Work to bring the Ruskin Dam and Powerhouse back to the future is about to begin, now that the B.C. Utilities Commission has OK’d the project.
The 82-year-old dam on Hayward Lake, just across Maple Ridge’s eastern border, will get a new wider, two-lane road (leading to Hayward Street) over its top, along with a sidewalk, new turbines to pump out more power, and seismic strengthening of its powerhouse.
As well, the concrete piers on the spillway will be replaced, the intake tunnels and penstocks will be upgraded and the right abutment will be improved.
Construction starts in weeks, creating 175 jobs over the six years of the project.
The utilities commission approved the project because it thought the $718-million project would be worth the greater power that would result, according to B.C. Hydro.
A major part of the project is replacing the three aging turbines, one of which was installed in 1930, while the second and third were added in 1938 and 1950. The new turbine-generators will largely come from Brazil, for about $80 million.
While they’ll be new, they won’t be that much more efficient than their predecessors. The new turbine-generators will be pump out only about eight-per-cent more power.
“This technology was invented 100 years ago and it’s pretty good technology,” Hydro VP of generation Chris O’Riley said Thursday.
“Hydro generation is really a simple process and the technology those days was pretty well refined.”
After the abutment is strengthened, crews will start on rebuilding the upper portion of dam and the spillway piers.
The lower part of the dam, built in 1930, is almost as good as new and doesn’t need any work.
“It’s a good concrete structure and it’s well fixed to the bedrock,” O’Riley said.
“I think the plant will be there another 80 years. One of the great things about hydro power is that it lasts a long time.”
Once renovated, the dam’s three 38-megawatt generators will produce 379 gigawatt hours of energy yearly, enough to light up 33,000 homes for a year.
While Ruskin produces less than one per cent of the B.C. Hydro’s power generation, it’s important because it’s located in the Lower Mainland, O’Riley added.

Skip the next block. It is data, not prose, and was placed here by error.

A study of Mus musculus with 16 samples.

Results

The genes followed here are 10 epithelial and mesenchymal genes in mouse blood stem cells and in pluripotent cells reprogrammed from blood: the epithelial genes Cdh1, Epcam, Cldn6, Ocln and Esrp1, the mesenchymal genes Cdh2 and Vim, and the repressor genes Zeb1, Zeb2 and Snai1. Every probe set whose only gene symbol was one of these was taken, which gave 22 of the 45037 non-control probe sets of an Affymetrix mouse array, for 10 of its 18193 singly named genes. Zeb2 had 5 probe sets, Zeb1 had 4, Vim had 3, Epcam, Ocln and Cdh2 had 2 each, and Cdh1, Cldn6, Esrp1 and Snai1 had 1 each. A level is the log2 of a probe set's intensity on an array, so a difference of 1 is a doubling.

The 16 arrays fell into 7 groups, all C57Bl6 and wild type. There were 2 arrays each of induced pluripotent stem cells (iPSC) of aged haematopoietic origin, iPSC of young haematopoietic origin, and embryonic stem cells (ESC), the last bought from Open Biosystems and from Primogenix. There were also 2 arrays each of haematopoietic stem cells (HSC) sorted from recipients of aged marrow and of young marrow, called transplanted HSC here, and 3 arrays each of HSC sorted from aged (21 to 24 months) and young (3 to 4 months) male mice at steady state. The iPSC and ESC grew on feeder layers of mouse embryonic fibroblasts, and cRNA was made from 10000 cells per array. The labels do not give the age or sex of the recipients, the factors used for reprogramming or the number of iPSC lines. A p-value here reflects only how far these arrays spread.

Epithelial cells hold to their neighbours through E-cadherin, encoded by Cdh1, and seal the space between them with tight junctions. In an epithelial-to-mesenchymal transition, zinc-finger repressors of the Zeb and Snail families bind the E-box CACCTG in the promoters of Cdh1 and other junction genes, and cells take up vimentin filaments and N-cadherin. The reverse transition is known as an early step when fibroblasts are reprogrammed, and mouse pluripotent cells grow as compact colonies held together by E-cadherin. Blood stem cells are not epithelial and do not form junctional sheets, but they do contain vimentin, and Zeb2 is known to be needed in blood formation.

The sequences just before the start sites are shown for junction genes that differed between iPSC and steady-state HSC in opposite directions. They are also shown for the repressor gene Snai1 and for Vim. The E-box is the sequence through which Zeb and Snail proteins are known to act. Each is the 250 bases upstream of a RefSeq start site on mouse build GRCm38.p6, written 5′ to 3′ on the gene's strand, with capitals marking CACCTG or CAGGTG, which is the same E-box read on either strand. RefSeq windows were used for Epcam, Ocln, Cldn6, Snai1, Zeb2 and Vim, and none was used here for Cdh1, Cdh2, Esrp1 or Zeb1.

The seismic upgrades are supposed to have the dam survive a one-in-10,000 year earthquake.
The BCUC noted in its approval last week that “the age and condition of the existing [generating] units at the Ruskin facility represent a significant risk to reliability.”
Geoff Clayton, with the Alouette River Management Society, maintains that B.C. Hydro should include the construction of a $3 million fishway around the Alouette Lake dam as compensation for damming Stave Lake, north of Hayward Lake. Hydro though has rejected the fishway.
Alouette reservoir feeds water into Stave Lake from the Alouette generating station, which also used to produce power but has sat idle for the past 18 months. That used to put out enough power to light up 7,000 to 8,000 homes, Clayton added.
But O’Riley pointed out the Alouette generation station was built in 1928 and has just worn out. It could be rebuilt one day, but it’s not on the priority list, he added.
Clayton says allowing sockeye salmon access to Alouette Lake, so they could spawn would regenerate the entire river eco system.
Nevertheless, the short stretch of the Stave River, from the Fraser River to the base of the Ruskin dam is thriving.
Habitat restoration has rebuilt the chum salmon run to about 250,000, up from a couple thousand in the 1990s, he said.
He said the water use plan for the Stave that assures adequate flows for fish won’t be affected.
“With seismic improvements to the dam and powerhouse, and new generating equipment, this facility will continue to deliver clean, reliable power to the Lower Mainland for 75 years or more,” Energy Minister Rich Coleman said in a release.
The renovations also will reduce risk of spilling and ensure more consistent water flows for the fish downstream.
• The BCUC is an independent regulatory agency of the provincial government that operates under and administers the Utilities Commission Act.
• The Ruskin Dam and Powerhouse is located in the District of Mission on the Stave River, north of Lougheed Highway at 287th Street, about 60 kilometres east of Vancouver.
• The Ruskin powerhouse was commissioned in November 1930, when its first generating unit went into service. The second and third units were commissioned in 1938 and 1950. No substantial upgrades have been made since the third generating unit was added to the powerhouse.
• With completion of the project, Ruskin’s three 38-megawatt generators will produce a total of 379 gigawatt hours of average energy per year.
• The Ruskin powerhouse will continue to generate electricity throughout construction. Once complete, the upgraded Ruskin facility will supply clean and reliable power to the equivalent of close to 35,000 homes.
• The estimated cost of the Ruskin Dam and Powerhouse Upgrade Project is about $718 million.
• The planned in-service date is March 2018.
• For more information on the Ruskin Dam and Powerhouse Upgrade Project and to watch a project video, please visit www.bchydro.com/ruskin.